Lawsuit Abuse Reform Measure is Promising
To paraphrase essayist Charles Dudley Warner, “Everybody complains about the high automobile insurance rates in Louisiana, but nobody does anything about it.” Well, it was not for lack of trying.
By Jim Simon
Manager, American Sugar Cane League
As you know, it’s hard to get a group of people to agree on any particular measure, including efforts to reduce lawsuit abuse. What everyone did agree on is Louisiana has high auto insurance rates. Louisiana drivers pay the second-highest auto insurance premiums in the country after Michigan. Many legislators believed that existing laws made it too easy for plaintiffs to sue and claim damages after a car accident. Business owners, especially those with large driving fleets, believed they were too often unfairly targeted by plaintiffs wanting a quick cash settlement.
The sugarcane industry, along with other commodity groups, are supportive of tort reform and our support went a long way in the state capital in 2020. We also worked very closely with the Louisiana Farm Bureau Federation and the Louisiana Association of Business and Industry.
At the very end of the recent special legislative session, the state house and senate, succeeded in passing House Bill 57, known as the Civil Justice Reform Act of 2020. Governor John Bel Edwards said he would sign it. The measure lacks some of the strong reform provisions that we were pushing for, but it is a good step in the right direction.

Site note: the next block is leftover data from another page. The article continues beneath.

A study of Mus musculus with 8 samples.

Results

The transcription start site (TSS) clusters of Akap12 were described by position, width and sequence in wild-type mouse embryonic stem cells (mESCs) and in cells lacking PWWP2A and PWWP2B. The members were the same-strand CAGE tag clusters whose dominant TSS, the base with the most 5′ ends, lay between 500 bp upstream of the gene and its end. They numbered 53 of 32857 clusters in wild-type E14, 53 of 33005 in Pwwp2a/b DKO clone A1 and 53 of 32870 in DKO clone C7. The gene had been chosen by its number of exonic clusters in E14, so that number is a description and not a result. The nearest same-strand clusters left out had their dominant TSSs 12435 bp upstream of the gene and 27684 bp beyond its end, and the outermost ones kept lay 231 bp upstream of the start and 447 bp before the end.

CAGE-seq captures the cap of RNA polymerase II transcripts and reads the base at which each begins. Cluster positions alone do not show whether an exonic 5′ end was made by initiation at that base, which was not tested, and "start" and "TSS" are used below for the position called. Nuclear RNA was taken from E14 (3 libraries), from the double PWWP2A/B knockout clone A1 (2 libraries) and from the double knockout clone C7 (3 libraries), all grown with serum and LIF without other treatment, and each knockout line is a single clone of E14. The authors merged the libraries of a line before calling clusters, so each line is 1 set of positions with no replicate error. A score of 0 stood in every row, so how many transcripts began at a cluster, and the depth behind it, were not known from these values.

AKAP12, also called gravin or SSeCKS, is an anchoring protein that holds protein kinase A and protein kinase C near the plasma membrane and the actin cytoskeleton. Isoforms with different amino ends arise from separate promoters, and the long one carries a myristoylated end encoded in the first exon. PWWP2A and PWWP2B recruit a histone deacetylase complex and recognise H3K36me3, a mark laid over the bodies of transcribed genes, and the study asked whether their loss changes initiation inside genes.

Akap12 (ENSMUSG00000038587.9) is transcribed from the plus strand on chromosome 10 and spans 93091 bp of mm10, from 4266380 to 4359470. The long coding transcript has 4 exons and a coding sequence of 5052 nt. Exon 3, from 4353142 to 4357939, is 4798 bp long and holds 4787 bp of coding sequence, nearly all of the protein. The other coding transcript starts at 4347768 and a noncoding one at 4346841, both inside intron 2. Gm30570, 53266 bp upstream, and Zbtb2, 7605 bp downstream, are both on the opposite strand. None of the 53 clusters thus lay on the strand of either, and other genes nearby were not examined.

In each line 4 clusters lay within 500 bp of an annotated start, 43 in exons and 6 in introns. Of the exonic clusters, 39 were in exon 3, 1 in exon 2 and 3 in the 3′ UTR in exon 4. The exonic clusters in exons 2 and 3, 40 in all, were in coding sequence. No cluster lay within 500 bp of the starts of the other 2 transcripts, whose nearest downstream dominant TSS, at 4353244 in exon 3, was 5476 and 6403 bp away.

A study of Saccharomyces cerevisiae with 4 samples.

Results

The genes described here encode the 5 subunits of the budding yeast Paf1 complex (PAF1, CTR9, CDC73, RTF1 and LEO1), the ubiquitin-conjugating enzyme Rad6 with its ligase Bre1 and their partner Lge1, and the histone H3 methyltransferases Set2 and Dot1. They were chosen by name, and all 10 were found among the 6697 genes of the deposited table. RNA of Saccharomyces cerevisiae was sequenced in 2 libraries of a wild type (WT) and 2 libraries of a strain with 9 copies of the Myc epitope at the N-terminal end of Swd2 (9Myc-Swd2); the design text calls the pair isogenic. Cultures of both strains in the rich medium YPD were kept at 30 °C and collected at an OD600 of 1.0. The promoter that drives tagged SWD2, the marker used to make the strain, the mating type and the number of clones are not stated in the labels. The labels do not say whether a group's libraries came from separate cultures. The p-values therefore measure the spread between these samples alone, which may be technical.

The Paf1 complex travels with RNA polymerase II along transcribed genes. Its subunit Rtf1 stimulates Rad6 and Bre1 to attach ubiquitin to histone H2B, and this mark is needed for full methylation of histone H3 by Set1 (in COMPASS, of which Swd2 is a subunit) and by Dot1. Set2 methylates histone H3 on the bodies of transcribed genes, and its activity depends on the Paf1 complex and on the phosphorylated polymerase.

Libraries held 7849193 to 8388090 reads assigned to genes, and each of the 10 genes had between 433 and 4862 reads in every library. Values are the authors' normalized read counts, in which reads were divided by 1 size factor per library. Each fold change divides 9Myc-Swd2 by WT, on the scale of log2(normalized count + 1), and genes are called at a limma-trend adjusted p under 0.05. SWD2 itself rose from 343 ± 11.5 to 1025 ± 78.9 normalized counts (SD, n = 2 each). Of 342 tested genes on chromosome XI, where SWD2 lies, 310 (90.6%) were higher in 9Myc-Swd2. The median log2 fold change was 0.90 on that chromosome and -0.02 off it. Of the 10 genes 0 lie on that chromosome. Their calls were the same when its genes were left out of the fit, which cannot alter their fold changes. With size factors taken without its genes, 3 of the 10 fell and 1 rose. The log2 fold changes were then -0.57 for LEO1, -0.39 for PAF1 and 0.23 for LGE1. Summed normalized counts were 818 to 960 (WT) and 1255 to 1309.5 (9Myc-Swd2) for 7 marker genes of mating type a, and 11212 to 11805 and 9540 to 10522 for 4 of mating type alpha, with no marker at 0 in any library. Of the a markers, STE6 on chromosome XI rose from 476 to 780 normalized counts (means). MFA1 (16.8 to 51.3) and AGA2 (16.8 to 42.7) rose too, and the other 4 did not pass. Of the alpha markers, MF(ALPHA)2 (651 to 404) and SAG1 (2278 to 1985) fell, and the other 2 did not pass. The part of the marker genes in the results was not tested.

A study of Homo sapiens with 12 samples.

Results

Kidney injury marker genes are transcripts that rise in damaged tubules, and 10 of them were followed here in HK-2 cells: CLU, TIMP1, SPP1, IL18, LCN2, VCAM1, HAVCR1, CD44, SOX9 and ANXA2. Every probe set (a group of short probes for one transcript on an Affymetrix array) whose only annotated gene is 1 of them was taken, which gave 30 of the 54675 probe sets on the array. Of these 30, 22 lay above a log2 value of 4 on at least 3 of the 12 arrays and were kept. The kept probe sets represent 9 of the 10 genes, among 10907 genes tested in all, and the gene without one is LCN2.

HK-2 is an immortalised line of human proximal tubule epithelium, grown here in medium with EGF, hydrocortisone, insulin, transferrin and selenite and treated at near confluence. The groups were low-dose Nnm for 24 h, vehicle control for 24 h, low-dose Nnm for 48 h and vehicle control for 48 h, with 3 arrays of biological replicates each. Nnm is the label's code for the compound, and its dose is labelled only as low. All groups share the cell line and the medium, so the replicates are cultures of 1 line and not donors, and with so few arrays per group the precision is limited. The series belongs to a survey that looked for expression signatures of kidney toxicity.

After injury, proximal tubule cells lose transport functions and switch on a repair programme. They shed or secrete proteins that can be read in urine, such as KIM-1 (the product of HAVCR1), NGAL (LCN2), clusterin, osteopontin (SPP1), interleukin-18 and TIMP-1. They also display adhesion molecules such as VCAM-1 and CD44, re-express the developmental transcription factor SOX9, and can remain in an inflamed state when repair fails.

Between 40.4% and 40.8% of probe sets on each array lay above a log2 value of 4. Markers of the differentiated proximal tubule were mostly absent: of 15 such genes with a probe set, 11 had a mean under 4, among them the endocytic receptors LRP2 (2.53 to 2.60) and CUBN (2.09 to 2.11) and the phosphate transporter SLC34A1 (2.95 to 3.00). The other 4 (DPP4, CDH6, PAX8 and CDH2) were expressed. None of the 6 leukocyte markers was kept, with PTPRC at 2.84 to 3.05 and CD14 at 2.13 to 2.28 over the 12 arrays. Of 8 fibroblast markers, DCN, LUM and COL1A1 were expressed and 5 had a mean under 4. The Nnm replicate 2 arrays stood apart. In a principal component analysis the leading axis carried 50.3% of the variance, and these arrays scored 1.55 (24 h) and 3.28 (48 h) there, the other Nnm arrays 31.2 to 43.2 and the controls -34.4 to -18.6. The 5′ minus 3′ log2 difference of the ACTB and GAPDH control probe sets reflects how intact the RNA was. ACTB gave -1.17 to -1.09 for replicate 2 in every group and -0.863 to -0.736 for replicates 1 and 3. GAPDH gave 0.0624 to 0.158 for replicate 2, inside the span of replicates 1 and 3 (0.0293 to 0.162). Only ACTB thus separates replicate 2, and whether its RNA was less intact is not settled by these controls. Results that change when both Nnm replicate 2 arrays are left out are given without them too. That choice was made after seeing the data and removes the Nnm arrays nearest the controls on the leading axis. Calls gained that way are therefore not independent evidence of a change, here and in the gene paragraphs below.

What does H.B. 57 do? It lowers Louisiana’s threshold for jury trials from $50,000 to $10,000. That should help create a climate to reduce frivolous claims. It should also make the playing field a bit fairer and reduce exposure. The bill also repealed the seat belt gag order which prohibited a jury from know if the claimant was wearing a seatbelt during an accident. Also, settlements for medical damages will be closer to what the plaintiff actually paid rather than the inflated billed amount.
Will the measure work? The consensus is it will reduce rates for the average driver. Currently, there are not a lot of insurance companies writing policies for commercial business in the state so there is very little competition. Ultimately, we hope the tort reform measure improves Louisiana’s legal climate which will make the insurance market better. A better market will attract more insurance companies to set up shop in the state. The sugarcane industry believes it is a step in the right direction, but we will keep working with the legislature and the governor to improve the insurance climate.